How to Become an Olympian


To be the absolute best in the world--it's a dream that drives Olympic
hopefuls around the world. Every kid swimming her first 100-meter
freestyle or kicking his first shot into the goal imagines a gold medal
hanging around his or her neck. If you have superb genetic qualifications,
possess incredible mental and physical strength and can commit
to years of grueling training and tough competition, you just might
see your country's flag rising above the podium one day.

  • Pick a sport. You have two paths--go with a sport you know and like, or pick an obscure one. A familiar sport may seem like an obvious choice, but think carefully--popular sports have millions of dedicated participants, and competition is stiff. Less wellknown options, such as short-track speed skating, luge, bobsledding and pentathlon, have fewer competitors.

  • Evaluate your physique and choose a sport that suits it. No matter how dedicated you are, unless you have the physical makeup for extreme endurance, you'll never be an Olympic marathoner. And if you're tall and over the age of 16, kiss gymnastics goodbye. Consult a sports physiologist to establish your specific attributes.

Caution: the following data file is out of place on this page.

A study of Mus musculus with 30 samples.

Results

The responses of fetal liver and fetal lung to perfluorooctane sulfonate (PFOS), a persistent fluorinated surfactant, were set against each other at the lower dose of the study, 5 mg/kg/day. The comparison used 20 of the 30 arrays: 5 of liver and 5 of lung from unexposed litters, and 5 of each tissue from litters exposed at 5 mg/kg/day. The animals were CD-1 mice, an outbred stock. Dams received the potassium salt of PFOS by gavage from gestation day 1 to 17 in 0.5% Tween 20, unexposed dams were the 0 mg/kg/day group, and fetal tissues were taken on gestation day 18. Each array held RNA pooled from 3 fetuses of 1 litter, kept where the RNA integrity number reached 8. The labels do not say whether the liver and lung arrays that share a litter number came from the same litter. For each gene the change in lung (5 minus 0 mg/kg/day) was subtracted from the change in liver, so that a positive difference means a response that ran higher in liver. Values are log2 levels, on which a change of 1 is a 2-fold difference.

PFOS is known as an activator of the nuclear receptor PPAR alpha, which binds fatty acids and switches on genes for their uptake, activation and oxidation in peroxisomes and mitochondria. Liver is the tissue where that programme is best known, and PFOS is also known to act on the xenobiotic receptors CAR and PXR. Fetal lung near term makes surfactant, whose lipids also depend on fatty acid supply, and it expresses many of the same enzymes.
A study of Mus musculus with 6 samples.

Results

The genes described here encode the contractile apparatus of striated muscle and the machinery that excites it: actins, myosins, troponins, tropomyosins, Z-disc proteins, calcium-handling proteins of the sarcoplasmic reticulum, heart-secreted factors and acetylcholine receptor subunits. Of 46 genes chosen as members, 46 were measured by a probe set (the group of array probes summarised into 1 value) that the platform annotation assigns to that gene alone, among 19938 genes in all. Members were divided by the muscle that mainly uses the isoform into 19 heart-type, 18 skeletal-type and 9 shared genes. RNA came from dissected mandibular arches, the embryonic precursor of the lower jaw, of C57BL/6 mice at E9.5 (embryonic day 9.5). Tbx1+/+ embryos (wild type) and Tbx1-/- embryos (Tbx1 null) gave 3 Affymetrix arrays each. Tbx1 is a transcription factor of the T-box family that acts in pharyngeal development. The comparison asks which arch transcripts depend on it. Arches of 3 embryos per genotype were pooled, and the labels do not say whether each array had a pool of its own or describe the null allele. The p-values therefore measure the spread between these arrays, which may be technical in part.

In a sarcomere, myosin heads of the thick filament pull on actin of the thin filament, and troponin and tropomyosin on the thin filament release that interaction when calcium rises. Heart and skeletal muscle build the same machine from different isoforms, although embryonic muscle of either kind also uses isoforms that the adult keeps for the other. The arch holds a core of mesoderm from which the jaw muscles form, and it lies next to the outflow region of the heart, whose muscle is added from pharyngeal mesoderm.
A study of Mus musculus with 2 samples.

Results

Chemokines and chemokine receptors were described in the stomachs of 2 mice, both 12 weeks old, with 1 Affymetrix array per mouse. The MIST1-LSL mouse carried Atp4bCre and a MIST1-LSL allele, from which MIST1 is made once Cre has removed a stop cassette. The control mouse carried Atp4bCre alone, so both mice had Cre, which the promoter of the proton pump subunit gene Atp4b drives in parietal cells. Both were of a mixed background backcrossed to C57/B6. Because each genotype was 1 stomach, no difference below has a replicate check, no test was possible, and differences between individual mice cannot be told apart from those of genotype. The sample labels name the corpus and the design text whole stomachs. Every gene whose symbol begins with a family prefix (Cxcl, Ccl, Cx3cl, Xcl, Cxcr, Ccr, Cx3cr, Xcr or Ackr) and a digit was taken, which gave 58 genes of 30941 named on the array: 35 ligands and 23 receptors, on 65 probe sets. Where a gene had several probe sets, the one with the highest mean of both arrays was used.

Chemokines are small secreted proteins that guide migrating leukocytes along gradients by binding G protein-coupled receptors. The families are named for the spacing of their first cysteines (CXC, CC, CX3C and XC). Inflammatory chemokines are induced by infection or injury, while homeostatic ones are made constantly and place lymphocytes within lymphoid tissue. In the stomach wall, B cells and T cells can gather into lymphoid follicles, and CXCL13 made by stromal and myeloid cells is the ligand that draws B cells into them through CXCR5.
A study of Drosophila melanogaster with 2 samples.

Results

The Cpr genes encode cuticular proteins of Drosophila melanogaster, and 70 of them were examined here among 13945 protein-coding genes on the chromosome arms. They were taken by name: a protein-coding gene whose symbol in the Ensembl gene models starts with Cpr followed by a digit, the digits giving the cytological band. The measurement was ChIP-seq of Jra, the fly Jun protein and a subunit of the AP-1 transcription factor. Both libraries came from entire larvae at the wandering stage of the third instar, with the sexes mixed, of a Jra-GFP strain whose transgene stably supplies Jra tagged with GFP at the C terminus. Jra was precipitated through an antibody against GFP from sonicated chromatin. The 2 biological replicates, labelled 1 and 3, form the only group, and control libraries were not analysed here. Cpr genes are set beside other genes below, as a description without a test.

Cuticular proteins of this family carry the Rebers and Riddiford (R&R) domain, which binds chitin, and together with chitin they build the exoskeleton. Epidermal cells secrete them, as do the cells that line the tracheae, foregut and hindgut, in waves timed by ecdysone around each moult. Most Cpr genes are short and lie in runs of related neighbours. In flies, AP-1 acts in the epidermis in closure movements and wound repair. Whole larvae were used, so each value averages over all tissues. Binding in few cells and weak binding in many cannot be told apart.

• Spend years and years working at your sport. Develop all aspects of fitness, strength and endurance. Incorporate crosstraining into your regime to prevent boredom and injury.

  • Believe in yourself. Have your mental game ready, be tough in every aspect, refuse to give up.

  • Attend a sports academy. These schools provide intensive training in the sport of your choice at the high-school level. The experience, exposure and coaching that you get will qualify you for a college that excels in your sport.

  • Work with excellent coaches to develop your skills. Hire a sports psychologist to help you set and reach goals. Hire a private coach if needed. See 16 Set Goals.

  • Make the national team in your sport and train year-round (there is no off-season for an Olympian). Be able to perform well under incredible pressure and fend off all other competitors until you make the Olympic team.

  • Change your citizenship. It may be much easier to qualify for a spot on the Pakistani sailing team than on the U.S. team. Some countries ask for proof of ancestry, such as a grandparent born in the country.

Tips & Warnings

  • Just because you're past your 20s, doesn't mean you can't go for the gold. Some sports, such as archery, curling and sailing, include competitors of many ages.
  • Go to a university that consistently wins the NCAA championships in your sport. You may get a scholarship as a bonus.
  • Join the association or governing body for your sport. This will keep you informed of major competitions, including the Olympic trials.
  • Move to an area that is well known for your sport. If you're a ski racer, for example, live in a major ski town with an active racing scene. Colorado is a mecca for bike racers.
  • See 488 Train for a Major Athletic Event, 489 Win the Tour de France and 490 Run a Marathon.
  • In the past, only amateur athletes could compete. This is no longer the case, as was evidenced by the NBAstaffed Dream Team of the 1992 Barcelona Olympics.
  • If you change nationality, International Olympic Committee rules prevent you from competing in international events for three years.